As legitimate low-latency, high bandwidth use-cases for edge computing continue to grow within the enterprise, IT leaders and architects are beginning to wonder exactly how an edge computing deployment could fit into the rest of their corporate network infrastructure.
According to market analysis research conducted by Million Insights, the global edge computing market is expected to grow at a compound annual growth rate (CAGR) of 37% through 2027. With IoT finally taking off and an increased need for real-time data collection, processing, and analytics, it's expected that most medium to large enterprises will require the need for delivering compute and storage closer to end users at some point in the future.
When looking at the edge computing landscape, network architects will find a myriad of options and pricing models. Yet, if you boil the offerings down and look at what is being offered from a customer perspective, three distinct models emerge. Let's look at these three edge deployment models and discuss why a company may prefer one model over the others.
Edge computing managed by public cloud providers (CSP)
Most enterprise organizations leverage the public cloud for one reason or another. Thus, the idea of extending a cloud partner’s services and management processes to metropolitan edge locations may sound highly appealing. Cloud service providers (CSPs), including major players such as AWS, Microsoft Azure, and Google Cloud, are beginning to extend their reach by operating regional extensions of their cloud platform to bring computational power closer to end-users. Existing customers that already host apps and data in one of these clouds will find the easiest path to the edge will be through the CSP they already work with and are comfortable operating within.
That said, understand that the number of metropolitan locations that a cloud provider offers today are few and far between. For example, AWS Local Zones edge offering is only available to the public in Los Angeles, with future locations being served out of Boston, Houston, and Miami. While cloud providers will undoubtedly continue expanding their metro edge locations, businesses must be made aware that deployment options will remain limited for the time being.
Edge computing managed by LTE/5G telecommunications carriers
Because of the nature of their business, telecommunications providers have a leg up on CSP’s from a local edge deployment perspective. Often running nationwide networks, carriers are building out small-footprint data centers in strategic locations that can, in turn, be leased to customers for edge computing purposes. Additionally, telecommunications carriers are counting heavily on the thought that a great deal of edge computing will occur on LTE or 5G mobile networks. Thus, the lowest-latency path for mobile users and devices will be to deploy edge services directly within the LTE/5G carrier’s network. This is known as multi-access edge computing (MEC) and is being offered by the major US telecommunications carriers today, including AT&T, T-Mobile, and Verizon.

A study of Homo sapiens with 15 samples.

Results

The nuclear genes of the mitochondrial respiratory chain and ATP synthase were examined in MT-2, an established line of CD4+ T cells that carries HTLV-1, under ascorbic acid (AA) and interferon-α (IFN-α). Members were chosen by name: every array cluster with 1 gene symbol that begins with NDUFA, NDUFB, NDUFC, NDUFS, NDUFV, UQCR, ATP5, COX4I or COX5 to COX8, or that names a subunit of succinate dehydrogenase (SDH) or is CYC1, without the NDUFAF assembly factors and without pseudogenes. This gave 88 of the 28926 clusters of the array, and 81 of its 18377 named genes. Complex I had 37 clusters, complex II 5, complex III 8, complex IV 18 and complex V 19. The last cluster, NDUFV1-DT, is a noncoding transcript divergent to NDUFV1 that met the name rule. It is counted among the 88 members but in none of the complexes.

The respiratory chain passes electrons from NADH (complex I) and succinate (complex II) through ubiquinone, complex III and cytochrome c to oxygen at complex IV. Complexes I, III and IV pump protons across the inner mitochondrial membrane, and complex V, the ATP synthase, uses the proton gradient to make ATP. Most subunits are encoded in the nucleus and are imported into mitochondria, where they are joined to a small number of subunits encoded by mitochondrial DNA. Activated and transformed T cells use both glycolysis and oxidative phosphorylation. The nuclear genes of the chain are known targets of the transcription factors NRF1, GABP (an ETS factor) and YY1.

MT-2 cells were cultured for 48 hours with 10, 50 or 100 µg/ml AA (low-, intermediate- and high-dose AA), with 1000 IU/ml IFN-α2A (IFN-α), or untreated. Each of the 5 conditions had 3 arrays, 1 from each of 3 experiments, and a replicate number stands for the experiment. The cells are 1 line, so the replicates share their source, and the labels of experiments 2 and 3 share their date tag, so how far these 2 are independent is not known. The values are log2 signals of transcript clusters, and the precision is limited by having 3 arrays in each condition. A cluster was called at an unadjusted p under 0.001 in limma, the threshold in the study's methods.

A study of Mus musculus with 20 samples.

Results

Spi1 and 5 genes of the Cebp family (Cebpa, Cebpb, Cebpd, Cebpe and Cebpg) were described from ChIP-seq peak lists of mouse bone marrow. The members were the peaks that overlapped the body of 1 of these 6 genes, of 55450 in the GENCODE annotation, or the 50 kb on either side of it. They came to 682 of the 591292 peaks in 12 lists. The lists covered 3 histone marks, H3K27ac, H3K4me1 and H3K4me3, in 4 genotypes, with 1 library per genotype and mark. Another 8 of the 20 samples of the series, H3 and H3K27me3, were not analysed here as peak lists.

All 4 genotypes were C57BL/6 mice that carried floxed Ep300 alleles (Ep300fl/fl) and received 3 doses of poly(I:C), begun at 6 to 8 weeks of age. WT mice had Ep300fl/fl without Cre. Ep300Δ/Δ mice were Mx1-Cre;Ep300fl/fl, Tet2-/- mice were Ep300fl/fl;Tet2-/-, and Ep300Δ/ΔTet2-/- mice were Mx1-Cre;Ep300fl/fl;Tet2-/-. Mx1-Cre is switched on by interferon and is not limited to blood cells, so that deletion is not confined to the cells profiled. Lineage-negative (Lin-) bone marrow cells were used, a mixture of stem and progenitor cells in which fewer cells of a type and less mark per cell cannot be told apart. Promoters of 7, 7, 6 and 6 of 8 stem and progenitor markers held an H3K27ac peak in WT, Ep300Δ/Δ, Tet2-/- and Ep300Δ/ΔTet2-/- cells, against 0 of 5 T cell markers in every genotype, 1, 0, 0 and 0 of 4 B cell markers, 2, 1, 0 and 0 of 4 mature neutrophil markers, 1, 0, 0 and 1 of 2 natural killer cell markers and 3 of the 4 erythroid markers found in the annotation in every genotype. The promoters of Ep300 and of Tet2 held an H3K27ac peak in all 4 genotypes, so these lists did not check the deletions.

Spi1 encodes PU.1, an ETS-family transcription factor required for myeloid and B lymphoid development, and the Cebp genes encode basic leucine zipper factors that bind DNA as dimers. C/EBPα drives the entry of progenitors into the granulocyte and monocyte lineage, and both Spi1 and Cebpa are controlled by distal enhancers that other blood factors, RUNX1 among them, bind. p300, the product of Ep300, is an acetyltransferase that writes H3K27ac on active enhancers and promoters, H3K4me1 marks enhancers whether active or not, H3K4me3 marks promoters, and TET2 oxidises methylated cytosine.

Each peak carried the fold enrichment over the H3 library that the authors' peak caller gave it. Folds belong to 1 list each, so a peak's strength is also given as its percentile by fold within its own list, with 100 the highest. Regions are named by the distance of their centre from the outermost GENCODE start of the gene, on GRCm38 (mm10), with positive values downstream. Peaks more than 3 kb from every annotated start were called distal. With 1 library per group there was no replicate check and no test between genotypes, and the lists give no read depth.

Carriers are also partnering with CSPs to combine the cloud provider's infrastructure architecture with the carrier’s wider reach into the most popular metropolitan locations. For example, AT&T has partnered with Google Cloud and Microsoft Azure, while Verizon and AWS are paired up to deliver a competitive alternative.
Edge computing hosted on-premises
Finally, cloud providers offer enterprise customers the ability to extend their public cloud footprint by deploying cloud hardware within private data centers or colocations. This is ideal for use-cases where most users and devices that require high bandwidth, low latency services are located within the corporate network. Some of the more popular private edge offerings available in the US include:
- AWS Outposts
- Azure Private Edge Zone and Azure Arc
- Google Cloud Anthos
The biggest difference between the three CSP offerings is that AWS Outposts requires the customer to deploy AWS-specific hardware into their private data center, while Google’s Anthos allows customers to leverage some or all of their existing data center hardware and software. Microsoft, on the other hand, offers both options – Private Edge Zones for customers that wish to install Microsoft’s purpose-built edge computing platform and Arc for those that want to extend Azure into an infrastructure they already own.
Choosing an edge computing model: location, location, location
Because edge computing is still relatively new, the biggest factor when choosing a deployment option is whether edge services are available in the geographic region or regions where they are needed. Additionally, thought must be put into where future edge locations may be required – and the likelihood that the edge compute provider will have services in those areas. In time, carriers and cloud providers will expand their edge computing reach and get to the point where locations are no longer a factor in the decision-making process. But until that time comes, the choice of which edge computing deployment model works best for the organization largely revolves around whether the provider can deliver services to the locations that matter most.